Terrorism charges laid after knife attack

Abdul Aziz Kawam is pictured in an artist's court sketch as he made an appearance in Surrey provincial court Monday. (Felicity Don)

Abdul Aziz Kawam is alleged to have committed assaults for the “Islamic State” A man who allegedly slashed a man’s throat on a transit bus in Surrey, B.C. is facing terrorism charges.

According to court documents filed by the Public Prosecution Service of Canada, the man is alleged to have committed the assault for “the Islamic State” — commonly known as ISIS. Abdul Aziz Kawam, born in 1995, faces four terrorism charges for attempted murder, aggravated assault and two counts of assault related to the attack.

Metro Vancouver Transit Police say the suspect had threatened someone at a bus stop before allegedly attacking a different person after boarding. Police say there was an “altercation” between two men on board the bus. According to transit police, the struggle happened near the back doors of the bus, and the driver heard what was happening and pulled over. Approximately 20 people were on board at the time.

“During that altercation, one of the men allegedly took out a knife and slashed the other male’s throat,” said Const. Amanda Steed. Police said the victim was able to push the suspect out the back doors of the bus after being slashed.

The victim was taken to hospital with life-threatening injuries but is expected to make a full recovery. Transit Police told CBC News that a nurse at the hospital told them the victim only survived because the knife used in the attack was dull.

Kawam also allegedly assaulted another victim before the slashing. According to Steed, he approached the victim at the bus stop on Fraser Highway and 152 Street and “brandished the knife, holding it to the victim’s throat.” That person was able to push the assailant away and escape unharmed.

Metro Vancouver Transit Police say they discovered during their investigation that the suspect made several concerning comments, leading investigators to notify the Integrated National Security Enforcement Team. The enforcement team consulted with the Public Prosecution Service of Canada on the terrorism charges.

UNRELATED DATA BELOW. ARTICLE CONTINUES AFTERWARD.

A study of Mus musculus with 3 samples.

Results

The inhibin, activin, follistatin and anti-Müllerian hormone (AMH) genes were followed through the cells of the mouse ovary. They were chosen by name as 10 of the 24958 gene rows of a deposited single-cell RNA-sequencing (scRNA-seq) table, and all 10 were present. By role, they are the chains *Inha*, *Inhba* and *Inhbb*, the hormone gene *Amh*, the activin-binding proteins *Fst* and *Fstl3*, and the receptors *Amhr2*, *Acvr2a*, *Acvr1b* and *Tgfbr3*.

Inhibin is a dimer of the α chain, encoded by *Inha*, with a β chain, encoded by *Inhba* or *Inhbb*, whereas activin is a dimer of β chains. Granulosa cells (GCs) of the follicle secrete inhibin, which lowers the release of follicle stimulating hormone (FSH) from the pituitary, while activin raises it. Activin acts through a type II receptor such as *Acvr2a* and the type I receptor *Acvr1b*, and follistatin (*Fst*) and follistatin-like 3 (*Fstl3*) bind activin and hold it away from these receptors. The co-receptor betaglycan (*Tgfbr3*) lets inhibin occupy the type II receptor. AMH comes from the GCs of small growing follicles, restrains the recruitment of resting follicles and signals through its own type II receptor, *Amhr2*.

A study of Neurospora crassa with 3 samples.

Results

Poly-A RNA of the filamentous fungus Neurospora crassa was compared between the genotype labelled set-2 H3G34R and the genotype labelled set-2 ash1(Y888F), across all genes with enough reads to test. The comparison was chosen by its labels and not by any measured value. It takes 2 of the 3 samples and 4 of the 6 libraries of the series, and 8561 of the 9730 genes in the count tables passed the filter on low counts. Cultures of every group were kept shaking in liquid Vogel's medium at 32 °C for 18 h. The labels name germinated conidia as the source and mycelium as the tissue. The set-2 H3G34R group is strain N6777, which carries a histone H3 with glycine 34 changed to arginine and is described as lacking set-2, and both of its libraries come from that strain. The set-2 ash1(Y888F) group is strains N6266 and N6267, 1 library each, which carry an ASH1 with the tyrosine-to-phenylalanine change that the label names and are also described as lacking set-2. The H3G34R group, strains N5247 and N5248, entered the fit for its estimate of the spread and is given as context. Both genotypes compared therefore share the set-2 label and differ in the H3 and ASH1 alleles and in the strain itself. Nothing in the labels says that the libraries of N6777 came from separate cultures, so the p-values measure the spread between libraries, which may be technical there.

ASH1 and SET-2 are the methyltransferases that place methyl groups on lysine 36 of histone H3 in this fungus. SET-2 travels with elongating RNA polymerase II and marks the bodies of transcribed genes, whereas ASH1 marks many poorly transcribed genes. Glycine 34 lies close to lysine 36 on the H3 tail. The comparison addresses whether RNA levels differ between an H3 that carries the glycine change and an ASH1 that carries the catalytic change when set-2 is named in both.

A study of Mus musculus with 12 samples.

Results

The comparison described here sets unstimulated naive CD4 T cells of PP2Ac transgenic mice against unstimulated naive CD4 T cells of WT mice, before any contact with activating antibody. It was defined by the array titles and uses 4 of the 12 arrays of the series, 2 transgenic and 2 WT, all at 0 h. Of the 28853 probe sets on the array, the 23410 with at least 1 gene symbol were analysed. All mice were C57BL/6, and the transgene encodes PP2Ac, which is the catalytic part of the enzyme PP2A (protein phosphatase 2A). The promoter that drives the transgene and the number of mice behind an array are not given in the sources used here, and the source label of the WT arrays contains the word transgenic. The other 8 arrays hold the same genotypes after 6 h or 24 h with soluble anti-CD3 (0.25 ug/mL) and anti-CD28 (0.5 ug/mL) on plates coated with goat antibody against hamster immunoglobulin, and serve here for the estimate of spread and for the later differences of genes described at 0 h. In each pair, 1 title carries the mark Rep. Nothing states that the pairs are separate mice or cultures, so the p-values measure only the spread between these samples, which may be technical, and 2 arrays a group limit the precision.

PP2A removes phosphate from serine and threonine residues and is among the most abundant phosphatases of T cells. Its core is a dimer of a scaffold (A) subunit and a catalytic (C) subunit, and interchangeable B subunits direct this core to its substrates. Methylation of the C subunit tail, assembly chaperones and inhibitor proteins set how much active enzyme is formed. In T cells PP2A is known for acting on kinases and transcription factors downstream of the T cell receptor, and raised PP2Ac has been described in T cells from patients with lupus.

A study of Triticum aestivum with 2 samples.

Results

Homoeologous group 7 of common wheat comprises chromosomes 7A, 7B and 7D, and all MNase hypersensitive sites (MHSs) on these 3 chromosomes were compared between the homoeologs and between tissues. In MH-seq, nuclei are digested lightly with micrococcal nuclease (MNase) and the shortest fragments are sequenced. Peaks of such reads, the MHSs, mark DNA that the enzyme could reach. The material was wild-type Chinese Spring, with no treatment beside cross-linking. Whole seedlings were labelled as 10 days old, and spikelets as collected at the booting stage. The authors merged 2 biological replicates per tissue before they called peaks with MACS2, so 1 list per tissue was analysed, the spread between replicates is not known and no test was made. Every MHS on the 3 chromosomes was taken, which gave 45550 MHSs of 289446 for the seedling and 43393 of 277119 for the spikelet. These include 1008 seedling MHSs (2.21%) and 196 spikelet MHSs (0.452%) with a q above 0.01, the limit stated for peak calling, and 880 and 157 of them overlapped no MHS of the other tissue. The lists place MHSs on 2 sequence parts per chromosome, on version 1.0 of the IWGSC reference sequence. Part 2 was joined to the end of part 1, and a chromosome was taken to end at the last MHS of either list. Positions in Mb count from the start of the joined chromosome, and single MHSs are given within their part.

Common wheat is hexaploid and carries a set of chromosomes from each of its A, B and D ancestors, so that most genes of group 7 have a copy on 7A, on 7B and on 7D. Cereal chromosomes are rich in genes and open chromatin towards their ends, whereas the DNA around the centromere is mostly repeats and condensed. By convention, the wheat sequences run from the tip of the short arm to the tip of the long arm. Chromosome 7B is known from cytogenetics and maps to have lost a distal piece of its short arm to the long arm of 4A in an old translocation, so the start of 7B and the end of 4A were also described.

Attacks in public places, bringing terror to the spaces people pass through every day, while others happen behind the closed doors of a home. Some are motivated by personal grievances, while others are terrifyingly random. Some capture widespread attention, while others are barely noticed outside the local area. There is no consensus on what constitutes a terrorist attack.

On March 27 in Nashville, a heavily armed assailant shot and killed three children and three adults at a private Christian elementary school. The shooter, who the authorities said was a former student at the school, was shot and killed by the police. On February 17, a 52-year-old man went on a shooting rampage at multiple locations in rural Mississippi, killing six people, including his ex-wife and two siblings who were both in their 70s, the authorities said. No terrorism charges where laid in both cases.

Last year, Payton Gendron accused of killing 10 Black people in a racist attack on a Buffalo, N.Y. supermarket was indicted by a grand jury on a state domestic terrorism and hate crime charge that would carry a mandatory sentence of life in prison. Frank R James who has shot 20 people at the Brooklyn Subway has been charged with terrorism charges.

Until recently, if an attacker is considered Muslim, they are assumed to be terrorists. More recently, the attacker would have to have ideological purpose are considered terrorists. Nathaniel Veltman who killed a Muslim family in London Ontario was charged with terrorism, however, Alexandre Bissonnette who shot six praying in Mosque in Quebec City was not charged with any hate crime or terrorism.